Your dog does not understand the concept of holidays. She doesn’t have any idea what all the seasonal decorations collected in your house are meant to represent (although she probably enjoys smelling all the fragrant trimmings). She doesn’t know that a bunch of humans she rarely sees have gathered together for the purpose of celebrating their love for each other. She isn’t aware that her very presence at a holiday gathering is supposed to make her feel loved, safe, and socially-connected.
But that doesn’t mean you can’t share the holiday spirit with your dog this year. You are quite capable of making her feel loved, connected, and excited, but not until you start looking critically at your anthropomorphic preconceptions about the nature of her experience in the world. If you want to make your dog happy this holiday season, the first thing you need to do is admit that you don’t know too much about how to do that.
I know from experience that this is easier said than done. It has been very difficult for me to face the fact that I know very little about how my “best friend” sees the world and thinks about me. I don’t like having my world-view challenged any more than you do. But please believe me when I tell you that it’s worth it. Because once you’re able to make the difficult admission that you don’t know very much about your dog’s experience in the world then you’ll see that there’s a readily-available gift that you can give this holiday season in order to meaningfully improve your dog’s life — the gift of knowledge.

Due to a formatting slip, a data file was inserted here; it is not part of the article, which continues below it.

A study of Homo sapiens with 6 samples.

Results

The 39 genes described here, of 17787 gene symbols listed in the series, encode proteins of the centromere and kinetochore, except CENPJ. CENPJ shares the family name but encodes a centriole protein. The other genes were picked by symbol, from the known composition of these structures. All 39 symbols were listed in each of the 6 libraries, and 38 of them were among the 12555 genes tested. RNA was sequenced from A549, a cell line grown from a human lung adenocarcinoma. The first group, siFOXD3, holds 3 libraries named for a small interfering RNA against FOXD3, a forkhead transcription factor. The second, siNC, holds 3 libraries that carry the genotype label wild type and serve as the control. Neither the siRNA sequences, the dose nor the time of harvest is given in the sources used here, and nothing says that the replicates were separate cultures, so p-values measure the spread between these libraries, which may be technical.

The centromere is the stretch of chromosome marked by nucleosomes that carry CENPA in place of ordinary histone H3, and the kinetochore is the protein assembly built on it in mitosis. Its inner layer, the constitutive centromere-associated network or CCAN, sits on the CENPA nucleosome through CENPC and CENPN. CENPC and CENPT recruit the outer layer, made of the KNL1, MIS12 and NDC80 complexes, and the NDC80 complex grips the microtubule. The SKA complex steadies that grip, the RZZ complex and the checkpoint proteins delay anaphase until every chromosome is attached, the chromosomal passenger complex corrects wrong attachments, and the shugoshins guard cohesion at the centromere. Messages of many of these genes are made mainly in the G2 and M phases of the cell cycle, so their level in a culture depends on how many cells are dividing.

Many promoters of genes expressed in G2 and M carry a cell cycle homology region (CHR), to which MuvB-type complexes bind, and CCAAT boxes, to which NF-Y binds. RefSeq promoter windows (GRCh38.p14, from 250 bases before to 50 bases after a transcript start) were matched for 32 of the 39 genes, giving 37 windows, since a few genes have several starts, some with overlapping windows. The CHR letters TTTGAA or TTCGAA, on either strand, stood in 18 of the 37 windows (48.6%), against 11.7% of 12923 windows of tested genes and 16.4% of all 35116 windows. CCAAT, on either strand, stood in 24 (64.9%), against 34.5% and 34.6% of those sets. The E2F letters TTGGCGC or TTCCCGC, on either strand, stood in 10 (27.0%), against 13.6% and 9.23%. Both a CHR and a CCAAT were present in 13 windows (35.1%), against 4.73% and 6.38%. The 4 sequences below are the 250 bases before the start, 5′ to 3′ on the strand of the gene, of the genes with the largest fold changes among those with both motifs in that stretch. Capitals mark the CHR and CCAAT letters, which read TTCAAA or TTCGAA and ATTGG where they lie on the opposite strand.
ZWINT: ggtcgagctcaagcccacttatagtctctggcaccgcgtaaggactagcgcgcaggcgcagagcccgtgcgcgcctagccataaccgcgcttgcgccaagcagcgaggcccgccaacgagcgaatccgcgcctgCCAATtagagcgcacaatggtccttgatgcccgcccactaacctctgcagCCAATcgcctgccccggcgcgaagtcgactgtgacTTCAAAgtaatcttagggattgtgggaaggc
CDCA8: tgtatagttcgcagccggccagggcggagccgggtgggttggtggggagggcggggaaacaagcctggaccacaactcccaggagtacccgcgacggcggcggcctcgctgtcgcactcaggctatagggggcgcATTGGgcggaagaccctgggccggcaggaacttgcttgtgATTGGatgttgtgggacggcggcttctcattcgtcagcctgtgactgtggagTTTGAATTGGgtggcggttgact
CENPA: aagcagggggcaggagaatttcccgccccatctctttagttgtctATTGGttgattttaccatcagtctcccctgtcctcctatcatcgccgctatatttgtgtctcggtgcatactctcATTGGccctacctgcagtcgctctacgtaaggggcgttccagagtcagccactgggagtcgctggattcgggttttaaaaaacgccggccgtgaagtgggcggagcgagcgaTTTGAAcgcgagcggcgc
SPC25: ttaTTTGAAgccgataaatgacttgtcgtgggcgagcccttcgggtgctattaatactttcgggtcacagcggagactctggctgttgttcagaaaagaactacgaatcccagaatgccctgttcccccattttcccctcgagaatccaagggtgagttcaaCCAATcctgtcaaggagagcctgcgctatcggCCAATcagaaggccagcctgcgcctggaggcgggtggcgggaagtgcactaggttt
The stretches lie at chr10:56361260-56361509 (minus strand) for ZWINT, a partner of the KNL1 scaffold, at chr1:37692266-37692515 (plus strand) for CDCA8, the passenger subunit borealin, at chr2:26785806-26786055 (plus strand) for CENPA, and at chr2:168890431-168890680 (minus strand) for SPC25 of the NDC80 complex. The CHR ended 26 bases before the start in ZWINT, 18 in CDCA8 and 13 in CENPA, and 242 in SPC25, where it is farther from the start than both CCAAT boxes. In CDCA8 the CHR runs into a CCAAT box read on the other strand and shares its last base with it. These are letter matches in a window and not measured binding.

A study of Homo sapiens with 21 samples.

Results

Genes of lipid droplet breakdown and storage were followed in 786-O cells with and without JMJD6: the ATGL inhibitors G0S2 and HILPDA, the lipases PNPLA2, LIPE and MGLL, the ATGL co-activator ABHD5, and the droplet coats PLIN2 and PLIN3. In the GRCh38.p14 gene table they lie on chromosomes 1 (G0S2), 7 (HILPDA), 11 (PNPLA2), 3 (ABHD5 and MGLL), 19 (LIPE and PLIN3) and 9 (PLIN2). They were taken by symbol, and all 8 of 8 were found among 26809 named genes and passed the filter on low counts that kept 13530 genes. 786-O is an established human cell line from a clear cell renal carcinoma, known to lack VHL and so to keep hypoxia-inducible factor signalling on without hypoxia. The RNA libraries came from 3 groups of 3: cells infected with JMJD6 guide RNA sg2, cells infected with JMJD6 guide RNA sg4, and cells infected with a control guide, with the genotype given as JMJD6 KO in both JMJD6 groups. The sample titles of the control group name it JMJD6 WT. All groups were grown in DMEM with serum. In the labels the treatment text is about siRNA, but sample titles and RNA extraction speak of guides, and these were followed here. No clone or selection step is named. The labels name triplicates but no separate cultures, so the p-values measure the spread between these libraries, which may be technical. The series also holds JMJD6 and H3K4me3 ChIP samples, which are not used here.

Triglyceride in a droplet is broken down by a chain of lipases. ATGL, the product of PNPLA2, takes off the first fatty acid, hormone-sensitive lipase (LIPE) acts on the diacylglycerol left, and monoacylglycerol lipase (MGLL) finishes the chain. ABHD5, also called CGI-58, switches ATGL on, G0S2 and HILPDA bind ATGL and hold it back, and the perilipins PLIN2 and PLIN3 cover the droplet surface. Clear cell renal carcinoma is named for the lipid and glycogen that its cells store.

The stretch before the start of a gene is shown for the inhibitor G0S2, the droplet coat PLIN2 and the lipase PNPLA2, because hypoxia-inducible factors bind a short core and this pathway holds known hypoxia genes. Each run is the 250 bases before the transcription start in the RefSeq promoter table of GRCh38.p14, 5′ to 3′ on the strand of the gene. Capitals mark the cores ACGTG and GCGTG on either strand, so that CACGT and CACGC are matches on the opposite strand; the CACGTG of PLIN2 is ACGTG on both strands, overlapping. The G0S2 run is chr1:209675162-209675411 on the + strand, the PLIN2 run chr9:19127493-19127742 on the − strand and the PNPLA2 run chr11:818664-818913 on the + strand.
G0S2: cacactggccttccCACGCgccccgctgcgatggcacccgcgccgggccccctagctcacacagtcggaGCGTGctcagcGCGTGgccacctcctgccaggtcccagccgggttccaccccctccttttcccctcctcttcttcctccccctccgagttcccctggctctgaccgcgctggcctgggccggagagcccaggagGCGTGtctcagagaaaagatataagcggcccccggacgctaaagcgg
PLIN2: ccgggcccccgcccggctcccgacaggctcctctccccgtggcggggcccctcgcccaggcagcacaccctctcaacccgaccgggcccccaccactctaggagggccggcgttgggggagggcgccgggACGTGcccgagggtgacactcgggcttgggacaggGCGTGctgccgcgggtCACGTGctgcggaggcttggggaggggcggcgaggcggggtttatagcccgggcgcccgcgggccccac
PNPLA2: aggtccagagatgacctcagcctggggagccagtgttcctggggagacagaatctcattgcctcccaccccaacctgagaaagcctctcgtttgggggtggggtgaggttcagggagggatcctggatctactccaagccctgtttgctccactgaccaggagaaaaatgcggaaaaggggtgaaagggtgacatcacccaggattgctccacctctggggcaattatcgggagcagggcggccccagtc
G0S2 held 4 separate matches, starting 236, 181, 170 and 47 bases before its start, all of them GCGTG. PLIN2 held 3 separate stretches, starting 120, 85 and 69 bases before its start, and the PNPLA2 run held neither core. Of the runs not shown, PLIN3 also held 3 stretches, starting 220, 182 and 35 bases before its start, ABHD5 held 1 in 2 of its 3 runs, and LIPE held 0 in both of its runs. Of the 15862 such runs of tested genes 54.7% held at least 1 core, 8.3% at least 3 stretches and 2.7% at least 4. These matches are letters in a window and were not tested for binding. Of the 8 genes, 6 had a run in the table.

Yes, that’s right — if you want to be kind to your dog this Christmas then you should be giving material gifts to yourself, not to her. (Save the $46 per pet that pet owners are expected to spend on gifts for their pets this holiday season!) Deliberately expose yourself to scientifically-valid information about how dogs perceive and experience the world. Your improved understanding will allow you to make better decisions about how to treat and relate to your dog.
In your effort to acquire such knowledge, do your best to disregard unproven theories, so-called “expert advice,” self-serving recommendations, and invalid conjecture packaged in tidy and compelling narratives. Turn off your TV. Put down your doggie magazine. Think critically and independently. Go out and discover what the unbiased scientific community has to say about the matter — you live in the “Information Age” so this is kind of pursuit has never been easier.
Here, we’ll even get you started. Just register for our e-mail list (the link is on the right side of this page) and Varsity Pets will send you a holiday gift in the form of a compilation of online and print resources that will further your understanding of you dog’s mind and body.
Happy holidays to one and all. Thanks as always for reading.